Yes, I am glad you got back in touch with me. There was a time in my own life, too, that I considered close acquaintances friends of mine, but I soon learned (though not soon enough in some cases), to separate the two.
You cannot expect loyalty from colleagues. Some, yes. Most, no. Sure, there's a spirit of familiarity, sometimes you socialize with them, maybe go out for a drink after work, or maybe you get together every Thursday for a game of competitive volleyball. In these times, you can get an appreciation for their home life, or share some giggles, even commiserate about this year's puny salary increases, but there's no mistaking that these folks are not your friends. I am so sorry to hear that you got burned by obviously bitter (aggrieved? resentful?) former colleagues. They must live a miserable existence if they believed that bad-mouthing you to the new head honcho would secure their jobs.
Do you really think that they have (had?) that much power to get you fired?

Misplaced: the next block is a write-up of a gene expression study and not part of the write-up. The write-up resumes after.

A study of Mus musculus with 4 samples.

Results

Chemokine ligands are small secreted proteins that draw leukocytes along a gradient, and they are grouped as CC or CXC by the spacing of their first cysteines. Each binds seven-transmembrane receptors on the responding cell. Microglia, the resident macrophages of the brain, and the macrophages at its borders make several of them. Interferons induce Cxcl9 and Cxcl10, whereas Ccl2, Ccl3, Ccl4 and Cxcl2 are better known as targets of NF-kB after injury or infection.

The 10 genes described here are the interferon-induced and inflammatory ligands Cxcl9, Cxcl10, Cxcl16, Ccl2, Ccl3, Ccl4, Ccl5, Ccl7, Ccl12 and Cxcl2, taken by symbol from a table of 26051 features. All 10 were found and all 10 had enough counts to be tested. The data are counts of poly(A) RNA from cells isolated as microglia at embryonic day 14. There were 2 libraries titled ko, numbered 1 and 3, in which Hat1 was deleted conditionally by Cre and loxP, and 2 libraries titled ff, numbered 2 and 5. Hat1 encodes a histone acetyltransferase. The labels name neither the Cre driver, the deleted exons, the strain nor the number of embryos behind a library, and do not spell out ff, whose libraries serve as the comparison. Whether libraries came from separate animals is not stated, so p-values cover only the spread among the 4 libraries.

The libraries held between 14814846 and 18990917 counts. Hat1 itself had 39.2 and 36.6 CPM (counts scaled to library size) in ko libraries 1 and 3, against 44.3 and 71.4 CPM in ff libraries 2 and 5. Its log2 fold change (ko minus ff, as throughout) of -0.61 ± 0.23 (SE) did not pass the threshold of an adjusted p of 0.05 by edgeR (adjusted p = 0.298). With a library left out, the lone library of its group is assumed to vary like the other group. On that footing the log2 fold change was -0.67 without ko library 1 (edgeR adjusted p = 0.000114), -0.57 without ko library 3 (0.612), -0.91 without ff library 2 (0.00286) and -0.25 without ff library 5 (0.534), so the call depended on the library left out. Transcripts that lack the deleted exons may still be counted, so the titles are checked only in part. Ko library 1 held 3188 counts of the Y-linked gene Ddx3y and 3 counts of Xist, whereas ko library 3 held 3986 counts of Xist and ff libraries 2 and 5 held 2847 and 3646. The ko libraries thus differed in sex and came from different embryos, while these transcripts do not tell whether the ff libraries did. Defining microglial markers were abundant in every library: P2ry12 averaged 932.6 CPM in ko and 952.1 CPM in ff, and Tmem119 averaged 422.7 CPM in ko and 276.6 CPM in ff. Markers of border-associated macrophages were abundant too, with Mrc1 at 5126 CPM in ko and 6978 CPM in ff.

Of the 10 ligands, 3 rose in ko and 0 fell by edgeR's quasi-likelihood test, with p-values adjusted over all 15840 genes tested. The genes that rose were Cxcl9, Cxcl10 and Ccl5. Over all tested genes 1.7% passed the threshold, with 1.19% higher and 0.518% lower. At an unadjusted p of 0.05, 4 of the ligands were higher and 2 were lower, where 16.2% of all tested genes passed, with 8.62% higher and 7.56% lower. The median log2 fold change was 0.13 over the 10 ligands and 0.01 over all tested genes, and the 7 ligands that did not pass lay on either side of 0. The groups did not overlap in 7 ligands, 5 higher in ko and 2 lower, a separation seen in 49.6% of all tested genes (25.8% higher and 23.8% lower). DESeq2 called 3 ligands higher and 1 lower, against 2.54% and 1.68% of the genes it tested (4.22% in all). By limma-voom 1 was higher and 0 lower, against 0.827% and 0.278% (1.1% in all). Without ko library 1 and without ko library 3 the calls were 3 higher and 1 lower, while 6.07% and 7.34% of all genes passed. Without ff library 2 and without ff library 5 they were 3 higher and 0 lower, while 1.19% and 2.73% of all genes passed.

I know that you were "restructured" or "right-sized" or "downsized" but it still feels like being fired, doesn't it?
You sound as if you are experiencing typical mix of emotions that comes with losing your position. You've lost your position in the world, your career trajectory has been interrupted, and it's overwhelming to think about the challenge of finding work.
Maybe you ought to take some time, allow the experience of anger and resentment wash over you. Let the tidal wave of emotion wash over you. But don't let it drown your sensibility.
Because if you are anything as brave and persuasive as I recall, you'll have dozens of job offers before you know it.